From Détente to Taunts
Obama's promise of post-partisanship is almost completely gone.
Once upon a time, the Obama administration tried hard to show it listened to Republican ideas. Two months ago, when Congress was debating the stimulus bill, presidential aides pointed to tax cuts in the legislation that Republicans had requested (even though lots of Democrats asked for the same tax cuts). They said Minority Whip Eric Cantor had given them the idea of tracking stimulus spending online (even though they were already planning to do that).
That was then. Now the administration has all but given up even the pretense of bipartisanship. At a recent lunch with reporters, Budget Director Peter Orszag was asked if he could name a useful idea submitted by Republicans. He couldn't—and didn't even pretend he'd considered many. When House Republicans put out a budget last week, press secretary Robert Gibbs said, "The party of no has become the party of no ideas."
Gibbs probably wouldn't have said that 40 days ago, when the White House was treating the issue of bipartisanship more carefully. But after party-line votes in the House and Senate and minimum flexibility from GOP leaders, Obama aides say that Republicans are not "acting in good faith." Which leads them to two conclusions: One, their acts of conciliation buy them nothing in negotiations with the GOP; two, and more important, they've decided they'll pay no political price for acting in a more partisan fashion.
With no penalty to be paid for dropping the pretense, Obama aides hope to push their luck by painting Republicans as either irrelevant or ridiculous. The equation is simple: The more clownish the opposition seems, the more the White House can get away with.
The White House is getting lots of help as the GOP sorts through its leadership problems.
After an internal debate, House GOP leaders put out a 19-page budget last week that was more press release than governing document. Whatever substantive arguments might have been found in the document, they weren't strong enough to overcome the fact that it lacked numbers—a seemingly crucial first step for anything called a budget (which is why previous opposition budgets included numbers). Senior White House aides reacted with glee at the idea of using the document to bury Republicans.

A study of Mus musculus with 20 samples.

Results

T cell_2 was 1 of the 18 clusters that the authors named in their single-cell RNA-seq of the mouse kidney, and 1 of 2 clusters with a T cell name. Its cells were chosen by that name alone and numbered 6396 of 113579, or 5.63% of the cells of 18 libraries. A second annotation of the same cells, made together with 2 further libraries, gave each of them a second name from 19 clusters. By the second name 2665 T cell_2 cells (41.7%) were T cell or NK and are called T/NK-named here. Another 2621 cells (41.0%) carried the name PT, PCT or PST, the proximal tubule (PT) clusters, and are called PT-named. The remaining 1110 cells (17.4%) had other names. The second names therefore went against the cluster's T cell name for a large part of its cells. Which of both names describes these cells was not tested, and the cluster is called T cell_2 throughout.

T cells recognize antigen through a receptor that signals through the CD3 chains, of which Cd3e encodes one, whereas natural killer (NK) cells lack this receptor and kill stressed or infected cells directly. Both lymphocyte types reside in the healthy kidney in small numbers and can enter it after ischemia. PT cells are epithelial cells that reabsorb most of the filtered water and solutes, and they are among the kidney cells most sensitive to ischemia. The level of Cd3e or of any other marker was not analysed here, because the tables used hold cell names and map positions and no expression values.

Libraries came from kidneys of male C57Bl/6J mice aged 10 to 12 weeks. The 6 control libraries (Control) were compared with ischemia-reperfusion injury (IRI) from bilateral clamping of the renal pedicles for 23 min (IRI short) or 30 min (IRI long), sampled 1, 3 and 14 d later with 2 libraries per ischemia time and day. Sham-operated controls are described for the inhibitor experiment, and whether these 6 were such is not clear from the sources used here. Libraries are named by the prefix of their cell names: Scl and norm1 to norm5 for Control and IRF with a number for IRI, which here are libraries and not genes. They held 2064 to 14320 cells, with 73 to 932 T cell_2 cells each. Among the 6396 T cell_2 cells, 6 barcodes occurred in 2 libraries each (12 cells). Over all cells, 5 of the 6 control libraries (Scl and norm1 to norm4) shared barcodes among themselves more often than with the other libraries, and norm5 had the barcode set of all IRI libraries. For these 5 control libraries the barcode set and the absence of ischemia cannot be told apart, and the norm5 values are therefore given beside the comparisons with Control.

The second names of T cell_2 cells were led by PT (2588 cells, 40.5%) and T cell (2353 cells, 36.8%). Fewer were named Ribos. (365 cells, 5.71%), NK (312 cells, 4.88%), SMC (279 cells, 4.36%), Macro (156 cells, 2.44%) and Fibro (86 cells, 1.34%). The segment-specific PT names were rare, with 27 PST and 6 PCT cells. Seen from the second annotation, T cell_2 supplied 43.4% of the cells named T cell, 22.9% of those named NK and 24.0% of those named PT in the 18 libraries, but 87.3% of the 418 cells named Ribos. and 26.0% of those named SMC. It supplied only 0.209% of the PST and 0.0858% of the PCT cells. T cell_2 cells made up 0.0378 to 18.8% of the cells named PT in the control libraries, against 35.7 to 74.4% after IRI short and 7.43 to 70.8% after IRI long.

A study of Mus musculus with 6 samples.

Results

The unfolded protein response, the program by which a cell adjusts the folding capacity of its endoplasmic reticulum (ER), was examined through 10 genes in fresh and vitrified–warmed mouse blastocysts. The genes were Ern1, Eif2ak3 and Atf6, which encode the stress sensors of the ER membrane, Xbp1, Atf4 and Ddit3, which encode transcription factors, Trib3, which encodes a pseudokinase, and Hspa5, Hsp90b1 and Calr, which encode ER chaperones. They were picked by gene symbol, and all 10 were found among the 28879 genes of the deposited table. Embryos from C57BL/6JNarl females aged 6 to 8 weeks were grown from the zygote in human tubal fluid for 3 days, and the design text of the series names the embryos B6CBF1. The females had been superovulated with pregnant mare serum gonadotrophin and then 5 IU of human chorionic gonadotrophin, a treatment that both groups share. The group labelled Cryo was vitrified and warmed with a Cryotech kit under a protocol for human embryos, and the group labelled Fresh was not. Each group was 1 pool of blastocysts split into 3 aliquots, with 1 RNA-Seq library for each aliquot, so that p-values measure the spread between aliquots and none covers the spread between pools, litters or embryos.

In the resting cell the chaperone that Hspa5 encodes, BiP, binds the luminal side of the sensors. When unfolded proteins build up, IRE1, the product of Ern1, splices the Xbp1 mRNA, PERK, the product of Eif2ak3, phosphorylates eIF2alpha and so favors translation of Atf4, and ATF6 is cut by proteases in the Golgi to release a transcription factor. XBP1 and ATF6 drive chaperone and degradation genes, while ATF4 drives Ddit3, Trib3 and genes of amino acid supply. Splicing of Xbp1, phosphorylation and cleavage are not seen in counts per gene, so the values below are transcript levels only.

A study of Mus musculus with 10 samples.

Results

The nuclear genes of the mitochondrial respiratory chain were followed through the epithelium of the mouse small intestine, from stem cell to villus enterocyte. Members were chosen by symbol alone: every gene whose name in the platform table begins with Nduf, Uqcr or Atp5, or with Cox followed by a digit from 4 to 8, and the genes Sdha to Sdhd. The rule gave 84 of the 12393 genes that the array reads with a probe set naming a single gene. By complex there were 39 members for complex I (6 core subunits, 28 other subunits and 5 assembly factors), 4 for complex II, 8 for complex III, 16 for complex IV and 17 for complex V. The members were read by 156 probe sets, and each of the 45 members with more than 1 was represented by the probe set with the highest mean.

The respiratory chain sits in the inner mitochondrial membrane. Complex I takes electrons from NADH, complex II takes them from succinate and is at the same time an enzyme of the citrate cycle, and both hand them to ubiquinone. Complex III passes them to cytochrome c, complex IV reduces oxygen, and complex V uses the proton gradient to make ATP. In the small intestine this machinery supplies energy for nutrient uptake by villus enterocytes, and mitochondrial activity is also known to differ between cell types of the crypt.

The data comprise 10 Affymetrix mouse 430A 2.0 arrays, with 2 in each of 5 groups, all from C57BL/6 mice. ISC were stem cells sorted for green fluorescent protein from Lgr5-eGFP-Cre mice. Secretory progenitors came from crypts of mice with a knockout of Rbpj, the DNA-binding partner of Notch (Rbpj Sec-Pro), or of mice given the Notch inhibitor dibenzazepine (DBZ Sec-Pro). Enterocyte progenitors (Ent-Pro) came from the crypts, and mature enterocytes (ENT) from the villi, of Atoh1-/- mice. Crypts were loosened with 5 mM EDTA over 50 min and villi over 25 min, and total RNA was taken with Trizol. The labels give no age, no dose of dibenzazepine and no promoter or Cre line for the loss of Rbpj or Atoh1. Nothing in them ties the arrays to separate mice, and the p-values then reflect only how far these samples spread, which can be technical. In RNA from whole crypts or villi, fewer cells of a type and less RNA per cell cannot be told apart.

This weekend the confusion mounted. John McCain said Republican senators were working on an alternative budget with numbers. But his party leaders said they would be offering no such thing. The DNC reacted with predictable derision.
The president and his aides can't be completely dismissive, because voters have told pollsters they want Obama to make good on his promises to reach across the aisle. Plus, Obama and his team want to leave the door open enough to allow Republicans to come back once they realize, out of political necessity, that they need to vote with the White House.
But so far the president doesn't look like he's in danger. He often frames Republicans unfairly or defines them by their most extreme elements, but he is not openly derisive (in part, say aides, because he still hopes to diminish partisanship). In the cut and thrust so far, it's congressional Republicans who have taken the political hit. They are unpopular in the polls—only 29 percent of Americans view them favorably, according to a recent CBS News poll, compared with 50 percent who approve of congressional Democrats. And voters think the president is trying a good deal harder than Republicans to find bipartisan solutions.
The best measure of how far we've not traveled may be Republican Sen. Judd Gregg of New Hampshire. Back in January, there was talk of the stimulus bill getting 80 votes in the Senate, including a slew of Republicans. Now the White House and some Democrats are considering using the process of "budget reconciliation" to pass important initiatives on health care and energy—a process that allows them to pass these bills without Republican votes. "You're talking about running over the minority, putting them in the cement, and throwing them in the Chicago River," says Gregg. (He was less troubled by this process when it was used by Republicans.) This is the man who, until about six weeks ago, was Obama's choice for commerce secretary. A lot has changed since then.
John Dickerson is Slate's chief political correspondent and author of On Her Trail. He can be reached at email@example.com. Read his series on the presidency and his series on risk. Follow him on Twitter.
Photograph of John Boehner by Win McNamee/Getty Images. Photograph of Barack Obama on Slate's home page by Chip Somodevilla/Getty Images.